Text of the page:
I love history – Not simply the general sweep of humanity’s past, but I enjoy the small, distinctive tidbits of the past life of this earth, and how it’s recorded and memorialized. Today is a very significant day. No, not just because this is Bastille Day, which celebrated the storming of the French prison, and the start of the 10-year French revolution, which tore the country apart, and only ended with the rise of Napoleon. I’m not even talking about 1850, when the first public demonstration of making ice by refrigeration too place. Certainly, an important date in history.
Nor am I referring to that day in 1940, when the Brooklyn Dodgers faced the Chicago White Sox, and the star player PeeWee Reese of the Dodgers lost track of the ball being pitched to him among the mass of white shirts in the center field stands, and was beaned behind his ear, and ended up unconscious and had to be taken to the hospital for 10 days with a concussion. As a result, Spalding sportwear company designed a batting hat that covered the exposed ear and saved many more batters from injury.
I’m not even talking about the acquisition in 1987, when Greyhound purchased Trailways bus line for $80 million. I once rode a Greyhound from Dallas to Grand Forks, North Dakota – it only took 34 hours. But that’s another story for another day.
No – as I looked at today in history, the one that caught my eye included elements of both space exploration and colossal mistakes. It was July 14, 1967, in the midst of the Space Race. U.S. Manned space missions were thrown into chaos in January with the fire on the launchpad with consumed what became Apollo One and led to the deaths of three astronauts. The next manned launch would not be until November 1967. However, the year saw an incredible number of unmanned craft. By July of ’67, 167 satellites had been launched that year from a huge number of countries. The biggest event, however, was the launching of Surveyor 4. I’m sure you remember that. Surveyor 4 was scheduled to fly to the moon, and make a soft landing, and analyze the surface, all in preparation for a manned flight, which would happen in two years and one week.
It was described as a perfect launch, and a perfect mission – up until 2 ½ minutes before landing on the surface, when space control lost contact with the lander. It was a perfect mission, they said, until the spacecraft blew up. Interesting that four months later, Surveyor 6 landed successfully in the same area on the moon.
You know, I’ve had some “missions” like Surveyor 4: perfectly planned ideas, perfectly launched beginnings, and perfectly engineered and worked out, all the way until things blew up. I won’t recount those experiences in detail, but let it be known there indeed were some spectacular fails! I mean, you almost have to stand in awe of how well things blew up, or fell apart, or just plain spun out of control. If it weren’t for the fact that it was a failure, it really was something significant to see.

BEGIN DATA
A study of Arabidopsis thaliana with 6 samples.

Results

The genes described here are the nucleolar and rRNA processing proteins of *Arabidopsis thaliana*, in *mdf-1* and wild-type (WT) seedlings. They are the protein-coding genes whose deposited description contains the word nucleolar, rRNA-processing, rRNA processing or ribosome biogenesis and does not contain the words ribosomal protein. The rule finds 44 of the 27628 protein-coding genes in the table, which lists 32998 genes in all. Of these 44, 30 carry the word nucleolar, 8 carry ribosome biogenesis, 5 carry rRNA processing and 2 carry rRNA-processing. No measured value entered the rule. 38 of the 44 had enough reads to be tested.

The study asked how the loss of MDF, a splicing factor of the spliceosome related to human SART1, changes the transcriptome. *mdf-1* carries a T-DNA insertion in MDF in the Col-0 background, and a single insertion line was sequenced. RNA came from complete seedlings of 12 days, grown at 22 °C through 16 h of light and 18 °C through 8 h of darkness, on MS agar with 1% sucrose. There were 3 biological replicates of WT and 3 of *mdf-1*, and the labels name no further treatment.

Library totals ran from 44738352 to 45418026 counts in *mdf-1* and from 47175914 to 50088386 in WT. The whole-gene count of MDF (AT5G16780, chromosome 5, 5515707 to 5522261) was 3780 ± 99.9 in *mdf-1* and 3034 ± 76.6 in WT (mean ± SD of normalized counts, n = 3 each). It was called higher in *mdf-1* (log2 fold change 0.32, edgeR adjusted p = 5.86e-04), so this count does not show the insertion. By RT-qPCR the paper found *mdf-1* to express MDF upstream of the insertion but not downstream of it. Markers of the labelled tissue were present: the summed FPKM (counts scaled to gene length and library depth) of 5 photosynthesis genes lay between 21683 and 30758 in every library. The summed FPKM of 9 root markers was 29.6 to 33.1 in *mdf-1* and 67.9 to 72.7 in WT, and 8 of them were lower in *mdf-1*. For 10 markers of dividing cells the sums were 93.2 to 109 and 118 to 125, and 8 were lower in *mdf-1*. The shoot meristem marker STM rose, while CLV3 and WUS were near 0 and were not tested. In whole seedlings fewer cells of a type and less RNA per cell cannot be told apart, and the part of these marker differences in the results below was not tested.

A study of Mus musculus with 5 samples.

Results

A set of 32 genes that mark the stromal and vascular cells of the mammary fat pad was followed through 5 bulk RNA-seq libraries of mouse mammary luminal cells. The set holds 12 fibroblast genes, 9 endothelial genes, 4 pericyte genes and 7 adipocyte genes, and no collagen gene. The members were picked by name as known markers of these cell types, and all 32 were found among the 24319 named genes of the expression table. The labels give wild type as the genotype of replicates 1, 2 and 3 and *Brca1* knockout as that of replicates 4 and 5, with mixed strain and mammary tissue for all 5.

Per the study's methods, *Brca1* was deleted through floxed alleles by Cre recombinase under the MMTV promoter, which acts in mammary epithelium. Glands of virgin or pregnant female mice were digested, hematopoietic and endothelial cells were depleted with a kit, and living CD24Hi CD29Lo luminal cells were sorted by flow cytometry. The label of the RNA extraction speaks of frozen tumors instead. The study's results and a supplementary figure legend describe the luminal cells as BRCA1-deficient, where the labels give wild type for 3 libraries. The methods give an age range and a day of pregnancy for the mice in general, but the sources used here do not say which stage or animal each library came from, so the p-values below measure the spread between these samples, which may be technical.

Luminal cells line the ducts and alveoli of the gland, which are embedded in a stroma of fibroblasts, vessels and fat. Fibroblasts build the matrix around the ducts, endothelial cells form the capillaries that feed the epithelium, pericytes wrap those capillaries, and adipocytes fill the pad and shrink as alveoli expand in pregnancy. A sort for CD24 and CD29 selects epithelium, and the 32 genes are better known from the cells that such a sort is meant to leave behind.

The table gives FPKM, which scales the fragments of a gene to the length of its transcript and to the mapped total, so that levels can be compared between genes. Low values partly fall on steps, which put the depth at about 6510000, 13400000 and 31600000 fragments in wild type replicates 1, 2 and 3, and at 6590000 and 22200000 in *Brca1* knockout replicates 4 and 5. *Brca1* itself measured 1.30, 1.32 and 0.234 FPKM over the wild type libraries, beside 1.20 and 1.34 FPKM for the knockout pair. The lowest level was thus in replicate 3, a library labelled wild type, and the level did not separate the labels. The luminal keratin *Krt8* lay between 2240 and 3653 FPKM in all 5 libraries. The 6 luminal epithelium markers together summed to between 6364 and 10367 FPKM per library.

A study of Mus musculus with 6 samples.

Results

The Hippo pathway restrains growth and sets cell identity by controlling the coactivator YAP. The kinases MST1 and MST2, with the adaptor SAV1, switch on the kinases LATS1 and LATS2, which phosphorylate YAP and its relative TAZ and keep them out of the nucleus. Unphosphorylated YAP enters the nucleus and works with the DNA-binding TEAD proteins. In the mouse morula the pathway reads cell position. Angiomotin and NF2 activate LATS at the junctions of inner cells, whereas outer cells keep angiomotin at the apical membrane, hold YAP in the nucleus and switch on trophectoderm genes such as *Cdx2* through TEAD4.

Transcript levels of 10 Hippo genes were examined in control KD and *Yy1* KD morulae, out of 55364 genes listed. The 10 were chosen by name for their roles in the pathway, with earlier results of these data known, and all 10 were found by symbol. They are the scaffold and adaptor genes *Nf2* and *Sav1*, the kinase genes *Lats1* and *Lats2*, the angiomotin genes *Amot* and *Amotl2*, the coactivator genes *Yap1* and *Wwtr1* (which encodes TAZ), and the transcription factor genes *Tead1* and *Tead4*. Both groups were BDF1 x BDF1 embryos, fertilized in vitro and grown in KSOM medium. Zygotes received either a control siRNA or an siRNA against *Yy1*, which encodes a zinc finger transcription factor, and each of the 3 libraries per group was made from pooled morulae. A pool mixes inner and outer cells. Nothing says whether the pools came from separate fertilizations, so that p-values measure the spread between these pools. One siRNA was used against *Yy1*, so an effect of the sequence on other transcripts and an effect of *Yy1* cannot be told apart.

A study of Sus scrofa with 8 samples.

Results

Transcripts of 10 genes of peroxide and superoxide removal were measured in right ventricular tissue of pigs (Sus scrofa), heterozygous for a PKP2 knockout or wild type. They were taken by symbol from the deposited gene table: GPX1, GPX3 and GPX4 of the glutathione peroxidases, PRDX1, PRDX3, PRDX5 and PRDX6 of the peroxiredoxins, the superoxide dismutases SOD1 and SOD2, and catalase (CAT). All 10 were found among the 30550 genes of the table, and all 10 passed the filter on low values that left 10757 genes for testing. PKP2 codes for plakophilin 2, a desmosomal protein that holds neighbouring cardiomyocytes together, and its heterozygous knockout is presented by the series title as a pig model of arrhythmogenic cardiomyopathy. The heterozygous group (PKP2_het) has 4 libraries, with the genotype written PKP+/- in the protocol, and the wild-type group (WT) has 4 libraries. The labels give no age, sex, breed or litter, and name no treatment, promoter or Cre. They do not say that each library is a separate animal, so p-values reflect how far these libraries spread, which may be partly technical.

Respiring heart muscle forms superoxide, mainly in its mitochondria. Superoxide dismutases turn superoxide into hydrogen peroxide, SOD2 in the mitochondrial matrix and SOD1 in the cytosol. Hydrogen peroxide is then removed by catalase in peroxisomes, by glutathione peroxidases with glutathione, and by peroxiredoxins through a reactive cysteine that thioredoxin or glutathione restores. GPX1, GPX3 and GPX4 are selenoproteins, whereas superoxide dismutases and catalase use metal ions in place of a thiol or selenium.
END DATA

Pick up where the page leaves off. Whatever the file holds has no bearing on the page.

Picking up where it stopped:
Not to generalize things too much, but I would suppose you could name your great failures as well; and I write that word in the plural, because part of what makes us human, and such adorable creatures is our ability to really foul things up now and then, or to end up just short of where we need to be for an experience to go into the success column. We know how to blow it big time as humans…
However, I choose to believe that we are only partly defined by our failures. After all, a failure is only a matter of opinion. I still love the response of Thomas Edison when, asked why in creating the lightbulb, he had so many failures and no results. Edison said that he had thousands of results! Thousands of ways he now knew the lightbulb would not work. He’s of course known for the success, but it had to come after the failures.
If we are able to see our lives, not as snapshots of our failures or our successes, but as a video that shows the progression of knowledge and discovery, of things that didn’t and then did work, I believe we will find ourselves living more fully in lives of grace and freedom. Placing ourselves under the judgment of “not cutting it” only brings us to a brittle and strident life, where there is no room to be in awe of the way something didn’t turn out. Instead, if we make room for failures which become the pathway to a future success, then we have the room to grow, and in truth, live larger, more adventuresome and more intentional lives.
Go ahead and make a mistake on your way to success today – it’s a grand stepping-stone, even if all you end up with for a time is something blowing up. That’s not the end of the story.
Word for the day: chronoception. The word, broken up, means “awareness of time.” Beyond the five senses normally attributed to humans, it is believed we have over 20 different senses, one of which is the ability to feel or sense the passing of time. It’s not sure whether it is neurological or physiological, but humans, and most mammals have an innate, although not necessarily precise sense of what time it is. I do know that every night at between 8:45 and 9:00pm, our Siamese cat, Thor, comes downstairs, and talks to Cheri, telling her it’s time to go upstairs and read before bed. Every night. And he doesn’t have a wristwatch.
After 43 years of ministry, Randy Cross lived his "fourth life" and shared about retirement, living boldly and intentionally in our world. To be sure, there was some North Dakota thrown in.